Question for my NIH-funded PI peeps

Am I the only lucky person in the entire NIH extramural community who has managed to get grants on technical-feasibility type of preliminary data (which can therefore support multiple proposals on fairly different topics) instead of highly specific experiments showing that Aim I SubExperiment 1.c.II actually works (which are of no utility to support anything other than the present proposal)?

16 responses so far

  • juniorprof says:

    technical feasibility experiments don't fly in my normal study section. The rule seems to be that if you don't have data to support an experimental aim, don't even think about proposing it.

  • Drugmonkey says:

    You need to find at least one study section that is a bit more flexible, IMO

  • Pascale says:

    What juniorprof said. And targeting a different study section can be problematic for those of us working in a specific organ system and disorder.

  • juniorprof says:

    working on finding that study section now... while I completely agree with the need to find a more flexible study section (and to diversify in general) it is somewhat surprising that areas with huge clinical implications (e.g. pain) are not even covered by a single dedicated study section.

  • Drugmonkey says:

    You don't actually want " dedicated" study sections though. Remember percentiles are within study section? Don't you want to compete with all those lesser grants in a different subfield or two so as to get more of the pie going to pain?

  • Namnezia says:

    I usually have a set of technical feasibility data that cn be applied to a number of different projects, this has constituted maybe 2/3 of my preliminary data. The other 1/3 shows that the techniques can be applied to a specific question addressed in the aim.

    Now I have a question. How good is the preliminary data folks put out? Do you wait until you have a publication quality figure, or do you get by with a low n, not necessarily statistically significant?

  • Drugmonkey says:

    Low n, not ready for pub. For sure. Typical when I was reviewing as well...

  • Drugmonkey says:

    Are we starting to realize what would be way, waaaaaaay, bigger payoff than complaining about the number of revisions yet?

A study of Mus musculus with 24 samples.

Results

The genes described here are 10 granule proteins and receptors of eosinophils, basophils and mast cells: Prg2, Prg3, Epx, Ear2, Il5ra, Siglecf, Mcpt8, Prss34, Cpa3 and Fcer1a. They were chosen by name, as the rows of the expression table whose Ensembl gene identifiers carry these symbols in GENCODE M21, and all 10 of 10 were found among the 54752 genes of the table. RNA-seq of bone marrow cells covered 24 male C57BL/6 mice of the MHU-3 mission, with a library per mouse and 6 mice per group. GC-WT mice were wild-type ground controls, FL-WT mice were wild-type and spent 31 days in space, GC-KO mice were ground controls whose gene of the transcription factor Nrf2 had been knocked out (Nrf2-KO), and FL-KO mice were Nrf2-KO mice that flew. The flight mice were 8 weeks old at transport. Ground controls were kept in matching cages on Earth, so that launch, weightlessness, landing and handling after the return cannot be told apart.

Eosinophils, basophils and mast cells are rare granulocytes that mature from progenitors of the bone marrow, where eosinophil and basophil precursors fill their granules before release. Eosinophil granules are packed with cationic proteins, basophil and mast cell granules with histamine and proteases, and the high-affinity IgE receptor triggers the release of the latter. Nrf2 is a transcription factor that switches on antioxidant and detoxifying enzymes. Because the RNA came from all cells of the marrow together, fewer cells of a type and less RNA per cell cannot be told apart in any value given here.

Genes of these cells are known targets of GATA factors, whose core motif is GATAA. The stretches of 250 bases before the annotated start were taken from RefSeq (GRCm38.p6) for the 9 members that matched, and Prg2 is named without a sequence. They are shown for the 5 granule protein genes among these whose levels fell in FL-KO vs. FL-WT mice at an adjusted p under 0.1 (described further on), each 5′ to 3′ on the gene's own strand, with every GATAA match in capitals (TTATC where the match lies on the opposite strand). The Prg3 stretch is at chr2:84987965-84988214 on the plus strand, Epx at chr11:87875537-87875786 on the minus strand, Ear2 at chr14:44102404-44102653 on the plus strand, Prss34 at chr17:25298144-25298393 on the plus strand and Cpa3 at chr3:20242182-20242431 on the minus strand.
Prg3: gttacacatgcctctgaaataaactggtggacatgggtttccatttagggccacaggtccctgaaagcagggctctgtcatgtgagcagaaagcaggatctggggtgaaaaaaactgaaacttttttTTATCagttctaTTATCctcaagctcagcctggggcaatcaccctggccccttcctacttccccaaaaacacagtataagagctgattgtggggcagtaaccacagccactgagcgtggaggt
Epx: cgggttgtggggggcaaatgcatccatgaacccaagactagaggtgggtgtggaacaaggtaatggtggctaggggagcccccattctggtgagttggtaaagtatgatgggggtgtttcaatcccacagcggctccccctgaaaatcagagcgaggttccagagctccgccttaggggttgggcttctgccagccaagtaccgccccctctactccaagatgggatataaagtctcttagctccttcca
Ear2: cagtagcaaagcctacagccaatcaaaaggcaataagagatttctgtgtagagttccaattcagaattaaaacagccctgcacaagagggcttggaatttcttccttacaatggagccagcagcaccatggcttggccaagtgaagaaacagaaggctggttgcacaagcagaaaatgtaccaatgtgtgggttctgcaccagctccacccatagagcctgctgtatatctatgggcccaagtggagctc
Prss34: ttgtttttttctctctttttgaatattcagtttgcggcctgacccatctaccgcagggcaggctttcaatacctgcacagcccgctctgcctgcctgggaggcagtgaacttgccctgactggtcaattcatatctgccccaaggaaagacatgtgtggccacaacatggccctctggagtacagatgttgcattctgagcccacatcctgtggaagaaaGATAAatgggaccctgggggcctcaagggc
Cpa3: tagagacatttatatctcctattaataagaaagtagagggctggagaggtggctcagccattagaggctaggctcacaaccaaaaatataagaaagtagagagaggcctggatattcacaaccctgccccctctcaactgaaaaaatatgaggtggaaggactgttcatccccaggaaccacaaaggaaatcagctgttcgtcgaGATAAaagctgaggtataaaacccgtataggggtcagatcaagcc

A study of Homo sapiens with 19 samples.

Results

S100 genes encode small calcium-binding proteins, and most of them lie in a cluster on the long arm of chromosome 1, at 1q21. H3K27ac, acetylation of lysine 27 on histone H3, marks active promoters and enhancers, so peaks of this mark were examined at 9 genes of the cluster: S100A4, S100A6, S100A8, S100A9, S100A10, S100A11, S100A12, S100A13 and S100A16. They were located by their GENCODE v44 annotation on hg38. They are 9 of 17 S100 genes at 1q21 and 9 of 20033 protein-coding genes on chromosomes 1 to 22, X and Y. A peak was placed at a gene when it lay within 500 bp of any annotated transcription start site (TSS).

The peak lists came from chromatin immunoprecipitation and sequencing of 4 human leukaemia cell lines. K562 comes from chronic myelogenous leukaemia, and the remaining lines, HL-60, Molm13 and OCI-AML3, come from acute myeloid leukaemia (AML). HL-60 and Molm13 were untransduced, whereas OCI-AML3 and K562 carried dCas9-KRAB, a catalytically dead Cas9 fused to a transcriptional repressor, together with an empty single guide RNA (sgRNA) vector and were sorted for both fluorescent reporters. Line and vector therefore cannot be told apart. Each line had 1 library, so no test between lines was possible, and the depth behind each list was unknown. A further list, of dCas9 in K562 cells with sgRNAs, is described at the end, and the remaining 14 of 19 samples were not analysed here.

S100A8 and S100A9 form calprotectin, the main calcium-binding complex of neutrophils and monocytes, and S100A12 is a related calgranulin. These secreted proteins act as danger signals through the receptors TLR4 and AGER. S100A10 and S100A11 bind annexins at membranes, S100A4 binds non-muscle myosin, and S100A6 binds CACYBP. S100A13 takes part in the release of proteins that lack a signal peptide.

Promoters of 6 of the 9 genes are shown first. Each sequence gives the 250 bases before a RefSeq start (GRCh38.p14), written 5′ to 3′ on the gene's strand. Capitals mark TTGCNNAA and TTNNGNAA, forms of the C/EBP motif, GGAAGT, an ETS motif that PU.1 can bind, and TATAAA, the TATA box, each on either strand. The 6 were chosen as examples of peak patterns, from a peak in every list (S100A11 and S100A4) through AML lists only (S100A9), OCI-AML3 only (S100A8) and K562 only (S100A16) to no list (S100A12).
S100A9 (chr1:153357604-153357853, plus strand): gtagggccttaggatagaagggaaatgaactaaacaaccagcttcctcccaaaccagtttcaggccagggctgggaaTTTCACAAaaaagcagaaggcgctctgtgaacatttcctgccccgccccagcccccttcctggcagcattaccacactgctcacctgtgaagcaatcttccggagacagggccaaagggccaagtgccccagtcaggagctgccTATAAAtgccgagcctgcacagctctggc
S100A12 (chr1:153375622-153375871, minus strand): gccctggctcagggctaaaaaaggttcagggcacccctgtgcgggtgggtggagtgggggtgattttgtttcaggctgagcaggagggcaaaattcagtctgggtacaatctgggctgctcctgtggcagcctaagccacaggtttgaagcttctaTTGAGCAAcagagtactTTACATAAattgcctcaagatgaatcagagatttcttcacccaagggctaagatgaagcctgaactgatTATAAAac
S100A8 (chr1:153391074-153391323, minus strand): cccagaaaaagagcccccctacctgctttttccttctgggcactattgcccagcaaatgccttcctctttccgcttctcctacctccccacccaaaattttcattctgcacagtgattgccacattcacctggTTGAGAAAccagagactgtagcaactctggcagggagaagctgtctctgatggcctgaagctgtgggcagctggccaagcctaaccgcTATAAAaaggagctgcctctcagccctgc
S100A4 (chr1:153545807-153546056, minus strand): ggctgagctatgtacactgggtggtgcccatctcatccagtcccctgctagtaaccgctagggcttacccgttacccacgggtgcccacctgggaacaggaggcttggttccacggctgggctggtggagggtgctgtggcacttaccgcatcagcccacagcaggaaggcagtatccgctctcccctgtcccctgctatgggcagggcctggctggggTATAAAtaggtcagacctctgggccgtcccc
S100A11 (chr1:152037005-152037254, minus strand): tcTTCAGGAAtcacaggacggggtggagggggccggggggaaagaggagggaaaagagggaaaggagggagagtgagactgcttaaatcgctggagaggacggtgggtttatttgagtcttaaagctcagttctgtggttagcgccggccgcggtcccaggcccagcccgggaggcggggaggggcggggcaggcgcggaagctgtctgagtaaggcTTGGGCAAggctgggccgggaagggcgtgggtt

• BugDoc says:

    No, do tell us what the bigger payoff is.... My experience has been much more like juniorprof & Pascale (from 3 different study sections, so it's not just a particular one).

  • Cashmoney says:

    Breaking the "need" to have Aim 1 completed to get the money? What do I win?

  • pinus says:

    I thought everybody did this?

  • Cashmoney says:

    Apparently, pinus, DM has his grants reviewed in magical UnicornFaerie study sections that do not require preliminary data that support the Aims...must be nice.

  • physioprof says:

    Dude, lay off the government ditchweed.

  • pinus says:

    No, I was saying that I do the same thing. Obtain some preliminary results that support a hypothesis...and then show feasibility for future studies. No need to do everything, just show that there is a reason and a means. Maybe I have been lucky in that the study section I have sent to is okay with this....however, I have some colleagues who do similar things, and it seems to go over well.

  • anon says:

    The sticking point as I see it is not so much about technical feasibility (can you actually do the experiment) as whether the results will turn out to be interesting (is it worth doing?). Much as I try to devise experiments where any answer is interesting and compelling, often some experiments are fabulously interesting if X were true, and boring no-news if X is not true. So showing that X is probably going to be true, and worthy of follow-up, is key to getting funded.

  • drdrA says:

    'Apparently, pinus, DM has his grants reviewed in magical UnicornFaerie study sections that do not require preliminary data that support the Aims…must be nice.'

    ROTFLOL. It was the UnicornFaerie that did it.
    Do they have CareBears and Tea in there too?